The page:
Medical cannabis gardeners take note: If you don’t flaunt it, advertise it or draw complaints to it, you can grow it in Tacoma.
“Basically, if you’re operating within the provisions of the code, no one is going to complain,” Councilman Joe Lonergan said Tuesday. “And there would be no reason for enforcement.”
The city won’t be as permissive of cannabis dispensaries. Such retail pot pharmacies – which aren’t defined in the state’s medical cannabis law — are now explicitly labeled as “a public nuisance per se.” That means they are not permitted under any circumstances.
The council’s adopted measure instead adds new code language primarily shaping enforcement of collective gardens for state qualified cannabis patients.
The measure deals with the gardens like the city would a derelict property or other defined public annoyance. It sets up a framework to abate, fine or otherwise crack down on those gardens that draw complaints or noticeably run afoul of a list of new restrictions.
Among the new rules, the gardens can’t operate within 600 feet – about one city block – of a school, daycare, drug rehabilitation center, park, library or youth center.
They also can’t use signs to advertise the sale of cannabis; can’t operate in the open; and can’t permit entry to anyone under 18. Gardens that emanate noticeable odors into a public place or that have patients smoking marijuana in public also would be subject to city enforcement.
The adopted measure also differentiates between gardens grown for medical patients and those for other purposes — labeling the latter as unauthorized.
While federal law prohibits marijuana, Washington is among 17 states and the District of Columbia that have laws with some allowances for its use as medicine. Washington allows up to 10 qualified medical cannabis patients at any time to participate in a single collective garden, which may contain up to 45 plants and 72 ounces of useable cannabis.
By moving the city’s code dealing with collectives in line with state law, Tacoma’s gardens aren’t likely to be targeted by federal authorities, council members say.
“It’s a tight balance we’re trying to walk,” Councilman Ryan Mello said.
The measure comes after nearly two years of the city grappling with an unregulated explosion of medical cannabis ventures.
During that time, the city has raided one dispensary, pursued dozens of license revocations, sought legislative clarity, enacted a dispensary moratorium and seated a task force to examine the issue. The moratorium is set to expire Aug. 1.
All the while, city officials have sought to strike a balance that would allow access to legitimate patients, while protecting city neighborhoods from potential impacts.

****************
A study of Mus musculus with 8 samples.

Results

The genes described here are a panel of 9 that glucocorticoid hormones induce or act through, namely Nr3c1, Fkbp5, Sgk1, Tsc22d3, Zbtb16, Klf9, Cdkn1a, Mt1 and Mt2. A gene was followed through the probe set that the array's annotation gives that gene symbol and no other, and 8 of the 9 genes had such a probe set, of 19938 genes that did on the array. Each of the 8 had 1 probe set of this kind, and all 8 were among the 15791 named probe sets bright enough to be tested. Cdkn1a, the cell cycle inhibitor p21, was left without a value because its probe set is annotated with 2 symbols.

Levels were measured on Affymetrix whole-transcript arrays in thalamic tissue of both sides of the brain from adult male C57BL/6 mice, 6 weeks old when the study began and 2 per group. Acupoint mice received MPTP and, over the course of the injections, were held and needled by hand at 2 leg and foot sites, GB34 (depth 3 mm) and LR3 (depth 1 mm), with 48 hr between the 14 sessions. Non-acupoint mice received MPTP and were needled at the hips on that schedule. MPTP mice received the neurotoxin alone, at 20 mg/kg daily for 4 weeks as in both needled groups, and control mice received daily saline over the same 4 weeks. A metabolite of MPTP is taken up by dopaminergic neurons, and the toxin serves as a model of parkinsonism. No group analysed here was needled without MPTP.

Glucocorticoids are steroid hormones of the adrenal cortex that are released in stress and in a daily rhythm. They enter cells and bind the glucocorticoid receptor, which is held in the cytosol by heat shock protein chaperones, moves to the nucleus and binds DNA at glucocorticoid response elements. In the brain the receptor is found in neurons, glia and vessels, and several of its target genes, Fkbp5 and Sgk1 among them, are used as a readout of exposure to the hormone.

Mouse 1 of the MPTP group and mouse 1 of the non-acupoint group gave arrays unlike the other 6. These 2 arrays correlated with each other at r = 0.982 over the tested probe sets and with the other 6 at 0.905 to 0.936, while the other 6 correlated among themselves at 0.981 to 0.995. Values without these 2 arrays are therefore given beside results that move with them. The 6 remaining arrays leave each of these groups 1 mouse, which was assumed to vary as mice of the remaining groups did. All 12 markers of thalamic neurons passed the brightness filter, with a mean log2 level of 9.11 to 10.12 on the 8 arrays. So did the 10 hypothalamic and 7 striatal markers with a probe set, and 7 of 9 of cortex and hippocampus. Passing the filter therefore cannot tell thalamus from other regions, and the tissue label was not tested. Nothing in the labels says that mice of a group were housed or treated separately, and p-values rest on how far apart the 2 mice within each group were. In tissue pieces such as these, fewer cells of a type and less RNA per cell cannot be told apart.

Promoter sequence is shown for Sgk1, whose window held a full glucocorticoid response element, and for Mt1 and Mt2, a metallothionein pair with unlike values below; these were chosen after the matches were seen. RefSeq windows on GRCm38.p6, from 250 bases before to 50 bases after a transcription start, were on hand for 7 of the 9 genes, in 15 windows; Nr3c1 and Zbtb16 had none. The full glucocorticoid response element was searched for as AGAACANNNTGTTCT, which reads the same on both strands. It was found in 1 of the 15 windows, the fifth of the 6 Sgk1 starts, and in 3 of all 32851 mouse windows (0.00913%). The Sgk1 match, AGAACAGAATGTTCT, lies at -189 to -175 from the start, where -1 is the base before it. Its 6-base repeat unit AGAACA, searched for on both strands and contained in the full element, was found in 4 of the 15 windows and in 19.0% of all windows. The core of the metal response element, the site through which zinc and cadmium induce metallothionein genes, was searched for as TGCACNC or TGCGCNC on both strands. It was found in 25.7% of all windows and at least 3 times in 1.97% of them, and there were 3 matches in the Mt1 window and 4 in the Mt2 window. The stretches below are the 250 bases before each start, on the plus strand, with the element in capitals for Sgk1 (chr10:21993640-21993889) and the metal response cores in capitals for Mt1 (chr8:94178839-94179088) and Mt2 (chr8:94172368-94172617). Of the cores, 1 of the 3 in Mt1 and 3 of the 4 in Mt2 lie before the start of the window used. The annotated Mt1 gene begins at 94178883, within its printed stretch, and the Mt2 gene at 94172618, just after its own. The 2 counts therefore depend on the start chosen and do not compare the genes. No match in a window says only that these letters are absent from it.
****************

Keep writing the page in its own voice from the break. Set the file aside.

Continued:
Earlier this month, the council dropped a zoning and land-use proposal that largely called to authorize cannabis gardens and dispensaries. City officials said that plan overstepped state and federal law and could have put city employees at legal risk.
Largely written by City Attorney Elizabeth Pauli, the measure that won approval Tuesday included amendments from Lonergan and Councilman Marty Campbell. The revisions eliminated prohibitions in 20 city zoning districts and reduced the restricted buffers to sensitive areas from 1,000 to 600 feet.
“We still wanted to include protective space while not blocking out the entire city,” Campbell said.
Jay Berneberg, an attorney who represents more than a dozen local cannabis dispensaries, called the adopted plan “absolutely better” than the original measure.
“It’s not perfect,” Berneberg said Tuesday. “…(But) with this, it appears the city council wants patients to have access to medical cannabis, and I appreciate that.”
Still unclear is exactly how the city will seek to enforce the dispensary issue. At last count several months ago, 35 dispensaries operated in Tacoma, Pauli said.
City Manager T.C. Broadnax said he’s now working with Pauli and Police Chief Don Ramsdell to draft a new enforcement strategy, which will be in place once the revised nuisance code takes effect in 10 days. That plan is expected to incorporate elements of voter-approved Proposition 1, which directed Tacoma officials to make cannabis-related offenses the city’s lowest enforcement priority.
As any medical cannabis nuisance code violations will be considered “civil infractions,” it is also unlikely police will seek to raid any existing dispensary, Pauli added.
Some council members hope that under the new rules, legitimate dispensary owners simply will change their business models to collectives that comply to code.
“I think there’s room for dispensaries to come into conformity,” Campbell said.